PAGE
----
The old adage that, “Practice makes perfect” isn’t always true.
In golf, there are ways to maximize the effectiveness of each practice session, and there are also ways to minimize the effectiveness of each practice session.
It’s not enough to just go to the range and hit balls. Golfers can actually get worse if they are practicing the wrong movements and ingraining poor habits. This is because, “Practice doesn’t always make perfect,” practice makes permanent. If you want to get the most out of each training session then it’s imperative to focus first and foremost on quality.
At the Gary Gilchrist Golf Academy, our coaches are always focused on quality training and quality practice. All of our students have personal drills to address their specific needs. Our student’s primary focus, while performing each drill is, you guessed it, quality.
While we would love to personally help all golfers, and encourage you to check out our programs, there’s no reason you can’t start practicing with quality on your own. Here are a few great tips about quality practice to help get you started:
- Practice with a specific purpose. One of the biggest mistakes that golfers make is that they have no goals, no objectives, or no plan for their practice sessions. They show up at the range, and their sole plan is to hit the ball. To get more out of your practice start with a plan. What is something specific you want to accomplish? If you want to work on your backswing – know the drills, training aids, and sensations you want to feel in your swing then stick to the plan. When you have an objective and you stick to it, you get better.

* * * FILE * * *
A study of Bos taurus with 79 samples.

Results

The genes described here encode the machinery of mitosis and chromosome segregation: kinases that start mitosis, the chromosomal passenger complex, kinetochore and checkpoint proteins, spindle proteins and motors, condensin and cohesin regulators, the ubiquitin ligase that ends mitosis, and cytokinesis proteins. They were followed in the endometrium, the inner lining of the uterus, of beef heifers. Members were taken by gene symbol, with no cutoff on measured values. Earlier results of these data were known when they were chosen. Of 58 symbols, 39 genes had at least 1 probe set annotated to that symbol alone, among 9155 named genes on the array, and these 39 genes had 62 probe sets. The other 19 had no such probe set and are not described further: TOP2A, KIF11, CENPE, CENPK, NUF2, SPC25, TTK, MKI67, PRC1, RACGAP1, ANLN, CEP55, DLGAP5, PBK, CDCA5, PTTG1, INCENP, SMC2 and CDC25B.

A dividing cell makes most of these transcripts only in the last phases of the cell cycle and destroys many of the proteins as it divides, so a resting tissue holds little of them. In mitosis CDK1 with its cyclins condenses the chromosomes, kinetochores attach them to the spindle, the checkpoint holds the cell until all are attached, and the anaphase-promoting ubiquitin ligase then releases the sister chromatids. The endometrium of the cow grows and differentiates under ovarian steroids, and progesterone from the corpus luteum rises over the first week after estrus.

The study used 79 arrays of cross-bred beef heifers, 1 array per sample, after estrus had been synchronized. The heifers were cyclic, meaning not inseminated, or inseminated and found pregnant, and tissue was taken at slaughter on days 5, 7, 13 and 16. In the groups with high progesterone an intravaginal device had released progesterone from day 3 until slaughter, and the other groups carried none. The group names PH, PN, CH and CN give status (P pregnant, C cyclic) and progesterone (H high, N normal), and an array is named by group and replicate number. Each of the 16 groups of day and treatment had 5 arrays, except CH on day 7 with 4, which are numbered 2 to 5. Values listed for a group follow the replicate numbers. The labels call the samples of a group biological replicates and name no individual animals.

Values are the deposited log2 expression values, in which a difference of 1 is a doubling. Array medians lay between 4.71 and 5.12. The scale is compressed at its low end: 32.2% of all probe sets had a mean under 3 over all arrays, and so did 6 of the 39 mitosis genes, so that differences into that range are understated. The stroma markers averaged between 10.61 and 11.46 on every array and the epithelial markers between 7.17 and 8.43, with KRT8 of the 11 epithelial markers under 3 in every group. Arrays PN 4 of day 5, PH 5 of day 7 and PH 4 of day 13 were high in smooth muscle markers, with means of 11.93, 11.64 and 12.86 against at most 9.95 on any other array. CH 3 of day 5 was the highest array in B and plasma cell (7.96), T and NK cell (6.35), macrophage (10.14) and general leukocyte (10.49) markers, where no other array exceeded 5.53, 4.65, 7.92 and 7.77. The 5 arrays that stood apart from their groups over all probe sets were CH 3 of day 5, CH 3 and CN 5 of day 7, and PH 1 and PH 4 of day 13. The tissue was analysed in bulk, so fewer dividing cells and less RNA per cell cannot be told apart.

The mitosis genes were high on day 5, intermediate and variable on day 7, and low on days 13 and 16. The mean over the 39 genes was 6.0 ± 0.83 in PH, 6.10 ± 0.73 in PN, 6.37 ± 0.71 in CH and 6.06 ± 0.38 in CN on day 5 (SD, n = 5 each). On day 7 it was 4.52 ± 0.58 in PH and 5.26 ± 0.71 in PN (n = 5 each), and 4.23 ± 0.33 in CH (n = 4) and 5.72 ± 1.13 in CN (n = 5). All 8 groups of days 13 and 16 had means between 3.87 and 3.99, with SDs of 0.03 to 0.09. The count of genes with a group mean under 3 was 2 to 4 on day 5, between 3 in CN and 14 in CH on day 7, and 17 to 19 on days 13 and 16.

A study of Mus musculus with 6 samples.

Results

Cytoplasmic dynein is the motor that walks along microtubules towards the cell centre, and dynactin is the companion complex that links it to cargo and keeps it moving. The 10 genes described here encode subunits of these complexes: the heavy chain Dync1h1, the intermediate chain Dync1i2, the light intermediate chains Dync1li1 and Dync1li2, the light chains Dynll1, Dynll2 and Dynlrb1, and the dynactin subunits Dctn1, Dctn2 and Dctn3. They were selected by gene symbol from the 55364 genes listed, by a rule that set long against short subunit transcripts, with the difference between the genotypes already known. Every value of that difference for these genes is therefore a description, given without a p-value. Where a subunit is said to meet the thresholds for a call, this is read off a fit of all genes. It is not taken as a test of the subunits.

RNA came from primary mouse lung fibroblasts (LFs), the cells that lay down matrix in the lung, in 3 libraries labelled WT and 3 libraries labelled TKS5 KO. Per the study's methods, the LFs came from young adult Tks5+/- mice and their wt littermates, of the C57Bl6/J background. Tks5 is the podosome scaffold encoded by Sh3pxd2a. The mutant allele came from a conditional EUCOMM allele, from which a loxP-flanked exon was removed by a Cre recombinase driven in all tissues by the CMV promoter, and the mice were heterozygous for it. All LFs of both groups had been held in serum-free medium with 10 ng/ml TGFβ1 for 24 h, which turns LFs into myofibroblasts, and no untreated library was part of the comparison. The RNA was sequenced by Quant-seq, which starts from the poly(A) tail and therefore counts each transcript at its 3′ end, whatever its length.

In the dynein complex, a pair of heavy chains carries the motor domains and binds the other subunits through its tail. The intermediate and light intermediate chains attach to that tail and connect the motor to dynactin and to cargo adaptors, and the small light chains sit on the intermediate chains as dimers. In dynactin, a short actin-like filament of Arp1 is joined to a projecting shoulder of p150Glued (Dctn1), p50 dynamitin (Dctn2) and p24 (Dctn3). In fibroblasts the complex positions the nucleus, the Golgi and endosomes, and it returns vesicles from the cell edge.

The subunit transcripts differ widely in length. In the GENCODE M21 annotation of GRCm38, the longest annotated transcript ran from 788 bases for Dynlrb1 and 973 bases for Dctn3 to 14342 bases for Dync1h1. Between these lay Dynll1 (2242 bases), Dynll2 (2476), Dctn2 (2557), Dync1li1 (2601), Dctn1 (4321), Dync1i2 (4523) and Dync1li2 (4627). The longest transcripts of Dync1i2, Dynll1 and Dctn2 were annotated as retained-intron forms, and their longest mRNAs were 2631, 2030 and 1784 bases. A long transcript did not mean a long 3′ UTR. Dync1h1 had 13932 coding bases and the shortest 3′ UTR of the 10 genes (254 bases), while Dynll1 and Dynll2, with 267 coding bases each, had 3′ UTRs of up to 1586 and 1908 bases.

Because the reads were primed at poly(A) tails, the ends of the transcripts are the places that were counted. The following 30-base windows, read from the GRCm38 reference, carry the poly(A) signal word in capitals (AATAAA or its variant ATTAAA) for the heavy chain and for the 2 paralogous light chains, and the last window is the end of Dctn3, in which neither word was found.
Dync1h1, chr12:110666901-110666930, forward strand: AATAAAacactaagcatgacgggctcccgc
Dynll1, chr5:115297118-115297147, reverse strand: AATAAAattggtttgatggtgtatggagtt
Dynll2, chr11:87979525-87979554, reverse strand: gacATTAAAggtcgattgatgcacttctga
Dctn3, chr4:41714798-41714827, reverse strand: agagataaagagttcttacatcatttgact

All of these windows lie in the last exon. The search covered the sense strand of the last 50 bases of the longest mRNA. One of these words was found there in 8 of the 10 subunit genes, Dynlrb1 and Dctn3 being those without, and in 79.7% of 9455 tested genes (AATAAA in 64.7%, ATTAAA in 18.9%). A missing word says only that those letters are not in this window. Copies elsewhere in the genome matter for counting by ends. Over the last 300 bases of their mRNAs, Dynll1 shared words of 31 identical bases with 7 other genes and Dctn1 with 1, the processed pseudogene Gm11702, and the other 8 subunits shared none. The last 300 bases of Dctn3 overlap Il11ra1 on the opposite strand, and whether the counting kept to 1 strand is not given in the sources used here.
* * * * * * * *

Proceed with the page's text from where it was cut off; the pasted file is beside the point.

- Work on all aspects of your game, especially your short game and putting. Most golfers are infatuated with grooving their full swing. The truth is though, that the full swing makes up less than half of the shots in golf. If you are practicing to lower your handicap then a large amount of your practice should be dedicated to wedges and putting. One way to ensure a good practice session is to split your practice into three equal segments – the full swing, the wedge game, and the putting game. For instance, if you have an hour to practice, then 20 minutes should be dedicated to each of these areas – 20 minutes to the full swing, 20 minutes to the wedges (chipping and pitching), and twenty minutes to the putter (short and long putts). When you practice all three areas, you develop a well-rounded game, and that’s a sure way to improve your scores.
- Make your practices moderately challenging. Many golfers will only work on the parts of their game that they are best at and enjoy the most. Only practicing the parts of your game you enjoy most and are good at will limit your development. Practice should be challenging for a myriad of reasons. For one, the parts of your game that challenge you are likely the parts that you should be working on the most. Secondly, simply practicing the same things over and over again will get stale. If you want to get better, then you need to challenge yourself.
Follow these three tips to jump start the quality of your practice sessions, and you will be well on your way to playing the golf game of your dreams.